It can be difficult to understand how to navigate disconnects with our partner, especially when they touch on the raw spots and wounds from our past experiences. Here is a quick blog post that may provide some healthy insight into the work you can do to rescue your relationship, and maybe help you make the decision to keep building that safety with your partner.

 

Finding a healthy relationship extends beyond the “getting to know you” stage. Often, we hear about the “honeymoon stage” that couples find themselves in during the first part of

their relationship.


When you’re first getting to know someone, you begin navigating conversations through curiosity: finding commonalities, interests, understanding your attraction, and delving into passions with your partner.


One of the more challenging aspects of a secure attachment is the work around disconnects, whether that be arguments, disagreements, or misunderstandings. When we’re at the point in our relationship where we begin to sink deep into the muds of raw spots and traumas, we have to start listening and making space for the deeper needs that our partners have.


Let’s be honest, if you’re struggling to connect to your own responses to messages in your relationship, you can often face barriers when connecting to your partner’s world. We have to start by understanding ourselves and where we may find ourselves triggered or struggling to be transparent and vulnerable with our loved one. When we can recognize where our partner and ourselves are in our mental health journey (i.e. what work we’re doing to stay healthy), and translate that work into our disconnects, we can create faster resolves when these moments do arise.


So, say you’ve done the work and you’ve started to engage more emotionally with your partner. Whether you’ve understood your struggles with conflict avoidance, or the fear or shame around sharing your own emotions and needs in the moment, you are willing to face those challenges with your partner. If you have found yourself opening up, asking questions, trying to meet the attachment need with your partner, with little to no response, engagement, or curiosity, it’s essential your partner understands the messages you’re receiving from them in this instance, and where you need them to show up more emotionally. This may require some work around self-awareness on their end, which all partners are doing to better their connections.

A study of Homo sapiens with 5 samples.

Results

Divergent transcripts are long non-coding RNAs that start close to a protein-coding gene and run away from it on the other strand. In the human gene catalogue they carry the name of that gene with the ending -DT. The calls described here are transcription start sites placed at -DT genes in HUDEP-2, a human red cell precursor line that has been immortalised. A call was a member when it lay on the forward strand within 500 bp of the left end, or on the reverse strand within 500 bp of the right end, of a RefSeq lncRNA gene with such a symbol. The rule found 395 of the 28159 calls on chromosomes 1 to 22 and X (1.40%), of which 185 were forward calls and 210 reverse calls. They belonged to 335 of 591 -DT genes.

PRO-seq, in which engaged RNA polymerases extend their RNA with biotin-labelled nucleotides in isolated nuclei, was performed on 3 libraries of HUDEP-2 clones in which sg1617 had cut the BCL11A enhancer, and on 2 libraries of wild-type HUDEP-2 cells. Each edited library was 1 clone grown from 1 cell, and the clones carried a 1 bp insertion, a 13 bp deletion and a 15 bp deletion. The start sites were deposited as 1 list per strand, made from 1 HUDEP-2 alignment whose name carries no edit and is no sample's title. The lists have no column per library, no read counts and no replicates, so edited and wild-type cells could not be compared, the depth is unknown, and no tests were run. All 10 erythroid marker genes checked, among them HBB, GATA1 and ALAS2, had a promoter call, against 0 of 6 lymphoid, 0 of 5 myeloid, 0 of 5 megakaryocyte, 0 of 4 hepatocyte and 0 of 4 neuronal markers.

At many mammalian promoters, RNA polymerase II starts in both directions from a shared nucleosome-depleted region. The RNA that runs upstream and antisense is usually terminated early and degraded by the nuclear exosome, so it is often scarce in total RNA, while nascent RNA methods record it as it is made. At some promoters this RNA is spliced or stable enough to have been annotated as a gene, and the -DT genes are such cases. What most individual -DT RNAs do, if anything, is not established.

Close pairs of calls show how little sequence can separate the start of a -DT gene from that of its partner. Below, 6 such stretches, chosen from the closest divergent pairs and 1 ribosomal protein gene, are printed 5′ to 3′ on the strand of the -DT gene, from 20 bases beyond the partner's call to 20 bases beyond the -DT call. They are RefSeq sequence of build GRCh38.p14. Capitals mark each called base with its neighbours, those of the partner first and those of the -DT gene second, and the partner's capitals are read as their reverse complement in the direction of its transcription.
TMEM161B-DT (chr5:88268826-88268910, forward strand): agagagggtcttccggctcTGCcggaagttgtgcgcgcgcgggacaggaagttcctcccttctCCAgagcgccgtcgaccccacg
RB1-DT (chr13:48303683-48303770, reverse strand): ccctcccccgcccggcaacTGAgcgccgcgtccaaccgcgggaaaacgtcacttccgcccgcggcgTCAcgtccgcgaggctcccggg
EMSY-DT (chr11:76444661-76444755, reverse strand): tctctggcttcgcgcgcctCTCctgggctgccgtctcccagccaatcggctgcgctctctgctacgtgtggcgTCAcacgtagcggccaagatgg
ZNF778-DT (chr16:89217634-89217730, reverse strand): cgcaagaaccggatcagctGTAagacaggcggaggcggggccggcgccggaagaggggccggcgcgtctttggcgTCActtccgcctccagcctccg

The hardest conversations around these disconnects may begin when your partner reacts in anger to your reaches for connection, emotionally or physically disappears in these bids for comfort, or essentially dismisses those conversations with defensiveness, which can look different in any relationship.


When you’ve made the space to share how you’re receiving the message that your partner


“no longer cares,”


“doesn’t want to hear what I’m sharing or feeling,”


“doesn’t value my emotions or needs”,


“doesn’t care to understand me,”


Or, “makes me feel like it’s on me,” (some of the messages you may internalize) . . .


We hope that our partner will recognize, and allow us to sit in the helplessness, fear, or shame that can come in these moments with them. If they continue to move away from disconnect, or react strongly to our bids for connection, we can have conversations about seeing a couples therapist or finding a way to connect more deeply with one another.


A partner that is willing to see where there has been a pattern of disconnect on either end of the relationship, and is willing to do the work to dive beneath the surface of insecure cycles, is someone who will fight for that safety and security in the bond.

If they are unwilling, not dedicating the time to continue self-work, or convey the message that this work is your burden to carry, find the support network you need to evaluate whether or not this relationship is creating the happiness and joy you need and deserve in your life.


The challenging adventure that is our relationship starts with choosing one another. When we can take that first risk to step into a relationship (with all the nitty gritty range of human emotion), and step back to evaluate what's happening during our moments of distress, we are ALREADY starting to do the right work.